LANSING, Mich.—Sen. Phil Pavlov, along with Sen. Tom Casperson, on Thursday introduced legislation to toughen penalties for illegally killing a protected animal or trophy buck in the state of Michigan.
“From St. Clair to Escanaba, poaching and quality deer management are serious concerns for property owners and sportsmen alike,” said Pavlov, R-St. Clair Township, vice chair of the Senate Committee on Natural Resources, Environment and Great Lakes. “Protecting our wild resources is important to all of us who enjoy Michigan’s great outdoors, and we must do more to deter violators who do not play by the rules.”
Senate Bills 1340 and 1341 would increase existing fines for illegally killing a protected animal and impose additional penalties for poaching trophy bucks. The new measures are consistent with policies in neighboring states.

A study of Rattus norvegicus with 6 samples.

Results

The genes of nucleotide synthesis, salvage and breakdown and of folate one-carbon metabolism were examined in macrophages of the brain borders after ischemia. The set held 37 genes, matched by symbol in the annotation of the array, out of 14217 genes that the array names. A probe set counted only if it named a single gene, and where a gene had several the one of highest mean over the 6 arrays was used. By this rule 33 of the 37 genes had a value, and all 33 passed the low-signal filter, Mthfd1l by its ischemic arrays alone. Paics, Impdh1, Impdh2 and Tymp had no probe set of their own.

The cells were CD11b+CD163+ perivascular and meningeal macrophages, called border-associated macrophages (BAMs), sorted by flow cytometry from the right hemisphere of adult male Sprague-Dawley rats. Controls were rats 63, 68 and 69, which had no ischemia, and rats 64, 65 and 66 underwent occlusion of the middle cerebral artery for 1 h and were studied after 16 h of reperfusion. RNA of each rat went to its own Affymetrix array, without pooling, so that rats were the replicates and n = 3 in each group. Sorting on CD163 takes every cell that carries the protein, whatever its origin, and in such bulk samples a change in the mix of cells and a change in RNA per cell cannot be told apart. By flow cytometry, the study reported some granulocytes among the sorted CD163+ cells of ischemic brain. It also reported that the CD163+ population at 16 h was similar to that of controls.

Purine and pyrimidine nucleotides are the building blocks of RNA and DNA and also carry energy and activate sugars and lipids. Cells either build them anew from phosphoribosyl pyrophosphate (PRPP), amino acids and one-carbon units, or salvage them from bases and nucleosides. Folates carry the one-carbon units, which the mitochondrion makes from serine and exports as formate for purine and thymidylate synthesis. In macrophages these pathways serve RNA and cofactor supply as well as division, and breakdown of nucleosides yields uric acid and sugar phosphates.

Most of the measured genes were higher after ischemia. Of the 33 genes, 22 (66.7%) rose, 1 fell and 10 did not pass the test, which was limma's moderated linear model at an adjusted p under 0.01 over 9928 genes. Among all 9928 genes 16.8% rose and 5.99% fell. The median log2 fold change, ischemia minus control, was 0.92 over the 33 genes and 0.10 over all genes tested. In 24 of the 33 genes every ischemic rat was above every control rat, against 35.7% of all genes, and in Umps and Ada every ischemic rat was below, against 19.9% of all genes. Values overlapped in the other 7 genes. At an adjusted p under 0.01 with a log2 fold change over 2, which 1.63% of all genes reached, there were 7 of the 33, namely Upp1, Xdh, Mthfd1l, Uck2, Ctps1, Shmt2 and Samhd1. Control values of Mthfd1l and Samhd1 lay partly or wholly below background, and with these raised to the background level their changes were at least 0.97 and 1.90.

Under the proposed laws, the Michigan Department of Natural Resources would use the “Boone and Crockett” scoring standard to assess an additional level of restitution when a trophy buck is taken illegally. The score is based on gross size of the antler measurement and is already used by other states, including Ohio, Pennsylvania and Texas.
Offenders would be subject to a fine of up to $1,000 per deer, additional restitution based on antler size, possible misdemeanor fines and up to 90 days in jail. Offenders could also have their hunting privileges revoked for the remainder of the year convicted and three subsequent years. Fines would be deposited into the state’s Game and Fish Protection Fund.
The bills were referred to the Senate Natural Resources, Environment and Great Lakes Committee, where a hearing is expected in October.